The annual New Orleans celebration of Mardi Gras is unlike anything I’ve ever seen anywhere. Its focus is parades: lots of them. Between January 6 and “Fat Tuesday” they have literally dozens of them. This year there were over seventy parades, each with its own theme, costumes, paraders and music. It’s a celebration that is beautiful, funny, overwhelming and raucous, and it is steeped in a wealth of arcane and fascinating tradition.
It’s also a particularly obnoxious example of waste run amok.
(You can also find this video on my IG and TikTok)
It’s been long accepted that the festivities of Mardi Gras annually trash the city. (I first wrote about this phenomenon back in 2020.) Mere hours after a parade’s conclusion, the city clean-up crews hit the streets with all the subtlety of an amphibious assault. In fact, being able to handle such an onslaught of litter even seems to be a point of pride, as in “We may not be able to fill the potholes, but we know how to clean up after a parade!” Until fairly recently, New Orleans officials used to judge the success of their Mardi Gras tourist season by measuring the amount of trash that was collected in its wake.
Of course, the more trash, the greater that year’s success.
Parading in anticipation of Lent has been a New Orleans tradition for a long, long time: over two hundred years. In his book Mardi Gras Beads, Doug MacCash explains that it wasn’t until the 1870s that throwing inexpensive trinkets to parade watchers became part of the tradition. And at least as early as the 1920s, newspapers were commenting on the disaster left behind.
“Empty boxes, shreds of paper and broken favors,” as one Times Picayune reporter described. In that same article, one young girl reportedly asked her mother, “Can God see all this mess?”
But really, they hadn’t seen anything yet, because in the 1950s came the advent of a magical material that was durable, dirt-cheap, and could be made into almost anything. In just a few short decades this material would find its way into every aspect of the Mardi Gras celebration. From the ubiquitous bead necklaces to cups, toys, beer cozies and stuffed animals, not to mention the plethora of wrappers and bags they arrived in, these days it’s hard to even imagine a Mardi Gras without the presence of plastic.
But I’m going to argue that we can and we should. Further, I’d argue that even if you don’t give two figs about Mardi Gras, it matters.
As you can see in my video above, there are signs- lots of them- that many Mardi Gras paraders are thinking about what they choose to throw from their floats and choosing alternatives to plastic. In the handful of parades I attended this year we saw aluminum cups, ceramic medallions, glass beads, wooden train whistles, biodegradable glitter, cloth bags and even fresh flowers being thrown.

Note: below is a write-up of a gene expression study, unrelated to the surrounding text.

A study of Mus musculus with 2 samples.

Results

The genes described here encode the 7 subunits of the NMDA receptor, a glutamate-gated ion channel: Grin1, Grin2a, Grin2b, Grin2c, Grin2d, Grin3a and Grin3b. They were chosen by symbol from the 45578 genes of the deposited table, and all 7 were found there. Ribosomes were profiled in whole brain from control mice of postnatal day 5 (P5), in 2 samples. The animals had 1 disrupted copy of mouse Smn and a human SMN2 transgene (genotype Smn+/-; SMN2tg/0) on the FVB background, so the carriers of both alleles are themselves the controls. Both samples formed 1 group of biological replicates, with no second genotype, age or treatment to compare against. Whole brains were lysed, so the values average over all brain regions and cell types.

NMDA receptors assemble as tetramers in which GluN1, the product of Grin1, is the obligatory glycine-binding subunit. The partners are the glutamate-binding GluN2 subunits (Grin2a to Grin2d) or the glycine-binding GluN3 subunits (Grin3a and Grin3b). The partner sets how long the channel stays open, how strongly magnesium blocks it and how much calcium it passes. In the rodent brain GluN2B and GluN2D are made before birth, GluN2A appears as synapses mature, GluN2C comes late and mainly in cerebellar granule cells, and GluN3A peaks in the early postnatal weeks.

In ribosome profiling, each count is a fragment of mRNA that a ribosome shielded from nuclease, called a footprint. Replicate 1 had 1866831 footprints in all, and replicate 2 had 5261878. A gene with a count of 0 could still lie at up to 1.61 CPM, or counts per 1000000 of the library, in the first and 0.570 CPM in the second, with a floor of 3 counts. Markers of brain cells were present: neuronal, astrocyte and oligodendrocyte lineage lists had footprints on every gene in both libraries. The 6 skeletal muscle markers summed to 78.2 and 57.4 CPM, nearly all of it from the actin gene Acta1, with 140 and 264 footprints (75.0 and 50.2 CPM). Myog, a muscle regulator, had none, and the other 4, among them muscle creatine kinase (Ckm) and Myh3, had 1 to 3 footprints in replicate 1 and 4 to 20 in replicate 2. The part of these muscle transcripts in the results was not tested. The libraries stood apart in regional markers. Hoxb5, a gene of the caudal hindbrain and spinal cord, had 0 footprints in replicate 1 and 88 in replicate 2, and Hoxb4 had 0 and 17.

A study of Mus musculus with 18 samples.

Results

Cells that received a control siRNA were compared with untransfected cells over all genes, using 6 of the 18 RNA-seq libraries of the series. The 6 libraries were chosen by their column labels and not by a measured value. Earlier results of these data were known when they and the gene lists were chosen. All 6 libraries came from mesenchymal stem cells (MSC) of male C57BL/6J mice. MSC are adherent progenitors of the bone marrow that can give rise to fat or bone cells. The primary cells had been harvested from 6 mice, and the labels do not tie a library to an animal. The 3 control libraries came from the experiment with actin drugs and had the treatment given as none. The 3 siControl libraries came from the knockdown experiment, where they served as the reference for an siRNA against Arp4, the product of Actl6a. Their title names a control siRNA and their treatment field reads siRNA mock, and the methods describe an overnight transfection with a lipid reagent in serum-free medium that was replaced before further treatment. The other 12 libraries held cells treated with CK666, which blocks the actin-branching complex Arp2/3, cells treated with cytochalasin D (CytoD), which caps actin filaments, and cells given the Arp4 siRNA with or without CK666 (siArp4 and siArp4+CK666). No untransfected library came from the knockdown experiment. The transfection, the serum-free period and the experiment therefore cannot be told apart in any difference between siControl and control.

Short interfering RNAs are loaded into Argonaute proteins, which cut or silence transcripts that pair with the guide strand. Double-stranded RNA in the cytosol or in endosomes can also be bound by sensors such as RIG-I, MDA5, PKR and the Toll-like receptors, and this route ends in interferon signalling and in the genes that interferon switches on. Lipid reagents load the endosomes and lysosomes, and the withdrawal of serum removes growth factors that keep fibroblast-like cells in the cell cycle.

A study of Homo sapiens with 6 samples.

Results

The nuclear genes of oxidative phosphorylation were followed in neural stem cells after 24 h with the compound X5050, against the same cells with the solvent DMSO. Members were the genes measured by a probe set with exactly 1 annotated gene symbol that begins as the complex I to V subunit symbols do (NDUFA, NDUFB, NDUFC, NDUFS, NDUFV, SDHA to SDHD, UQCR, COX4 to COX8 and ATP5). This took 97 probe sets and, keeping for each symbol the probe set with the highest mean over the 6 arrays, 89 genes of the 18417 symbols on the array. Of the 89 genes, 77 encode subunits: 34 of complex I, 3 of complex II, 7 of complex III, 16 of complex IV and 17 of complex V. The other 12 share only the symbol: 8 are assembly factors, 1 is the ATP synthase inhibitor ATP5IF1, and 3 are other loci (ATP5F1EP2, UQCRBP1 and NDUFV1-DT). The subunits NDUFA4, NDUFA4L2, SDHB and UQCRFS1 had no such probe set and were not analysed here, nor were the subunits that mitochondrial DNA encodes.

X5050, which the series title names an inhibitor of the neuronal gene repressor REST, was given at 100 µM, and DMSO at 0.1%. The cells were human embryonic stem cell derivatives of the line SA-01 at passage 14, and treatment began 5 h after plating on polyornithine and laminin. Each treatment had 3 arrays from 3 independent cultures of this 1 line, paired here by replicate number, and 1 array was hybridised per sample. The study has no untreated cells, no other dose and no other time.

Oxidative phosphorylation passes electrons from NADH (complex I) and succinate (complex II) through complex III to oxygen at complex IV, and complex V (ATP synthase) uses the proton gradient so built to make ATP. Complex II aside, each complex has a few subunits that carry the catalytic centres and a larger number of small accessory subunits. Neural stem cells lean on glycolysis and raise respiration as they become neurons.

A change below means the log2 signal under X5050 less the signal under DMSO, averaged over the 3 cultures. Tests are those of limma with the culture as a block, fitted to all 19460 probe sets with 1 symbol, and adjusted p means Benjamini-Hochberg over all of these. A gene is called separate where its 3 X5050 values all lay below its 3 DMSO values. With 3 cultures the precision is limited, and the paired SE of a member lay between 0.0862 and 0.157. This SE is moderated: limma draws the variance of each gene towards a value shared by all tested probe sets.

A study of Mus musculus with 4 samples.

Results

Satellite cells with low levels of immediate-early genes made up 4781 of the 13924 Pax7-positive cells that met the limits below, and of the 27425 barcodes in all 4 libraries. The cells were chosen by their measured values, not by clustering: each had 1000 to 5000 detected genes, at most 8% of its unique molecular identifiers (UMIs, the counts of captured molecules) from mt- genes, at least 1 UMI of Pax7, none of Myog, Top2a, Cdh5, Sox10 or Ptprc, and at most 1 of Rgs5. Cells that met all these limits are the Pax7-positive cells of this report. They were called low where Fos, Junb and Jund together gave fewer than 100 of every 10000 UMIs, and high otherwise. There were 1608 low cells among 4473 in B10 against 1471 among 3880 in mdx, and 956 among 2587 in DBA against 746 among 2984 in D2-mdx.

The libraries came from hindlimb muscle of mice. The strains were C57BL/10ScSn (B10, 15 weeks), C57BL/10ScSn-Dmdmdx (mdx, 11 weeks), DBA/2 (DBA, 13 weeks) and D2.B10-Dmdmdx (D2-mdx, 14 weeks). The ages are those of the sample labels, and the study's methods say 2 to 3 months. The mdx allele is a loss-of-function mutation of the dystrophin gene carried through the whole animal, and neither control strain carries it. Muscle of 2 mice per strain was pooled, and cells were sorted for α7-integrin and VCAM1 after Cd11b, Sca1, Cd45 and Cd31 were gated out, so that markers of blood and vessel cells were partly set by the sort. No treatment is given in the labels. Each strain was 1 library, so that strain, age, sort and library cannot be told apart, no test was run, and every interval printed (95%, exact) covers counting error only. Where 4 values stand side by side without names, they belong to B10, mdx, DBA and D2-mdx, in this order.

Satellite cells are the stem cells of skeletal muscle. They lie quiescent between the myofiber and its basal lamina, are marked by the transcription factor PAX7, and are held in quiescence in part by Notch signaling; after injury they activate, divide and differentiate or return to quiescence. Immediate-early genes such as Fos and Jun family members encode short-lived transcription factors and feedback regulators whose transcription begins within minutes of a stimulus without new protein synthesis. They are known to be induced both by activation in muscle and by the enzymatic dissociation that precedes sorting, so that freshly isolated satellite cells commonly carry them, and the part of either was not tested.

Another thing I saw for the first time: boxes in hotel lobbies for “Bead Recycling.”
And lastly? I saw a lot of non-Mardi Gras efforts at sustainability too— admittedly some better than others— but all of which told me that plastic, waste and sustainability are issues on the minds of many New Orleanians.
I was also delighted to have the opportunity to visit Vintage Green Review, New Orleans’ first zero waste supply and bulk refill shop. Unlike some “sustainability” shops I’ve been to that feature clothing for people who want to play Little House on the Prairie, and don’t mind paying $300 for a handmade butter dish, Vintage Green Review focuses on real world stuff that you might actually need: natural rubber hair ties, plastic-free Q-Tips, toothpaste tabs. They’ve been in business since 2021 and I’m kind of jealous. I want one in my town.
So, despite everything, there are signs that things at Mardi Gras, and in New Orleans, are changing.
But what does this matter to the rest of the world?
I think the reason it matters is that we all celebrate things. Mardi Gras is an outsized example, but in our current culture, plastic waste is virtually synonymous with all types of celebrating, from Macy’s Thanksgiving Day parade to a four-year-old’s birthday party. And I think often, when we’re presented with the need or opportunity for change, we mistakenly believe the choice is between going on as we have been, or giving up on the activity altogether.
Do we have to give up on Mardi Gras— or parades or parties— if we want to stop using single-use plastic?
Of course not. Once upon a time we had celebrations without disposables, and we can do it again. We just need to think differently. Change will follow.
And the really good news is? In New Orleans that process has already begun.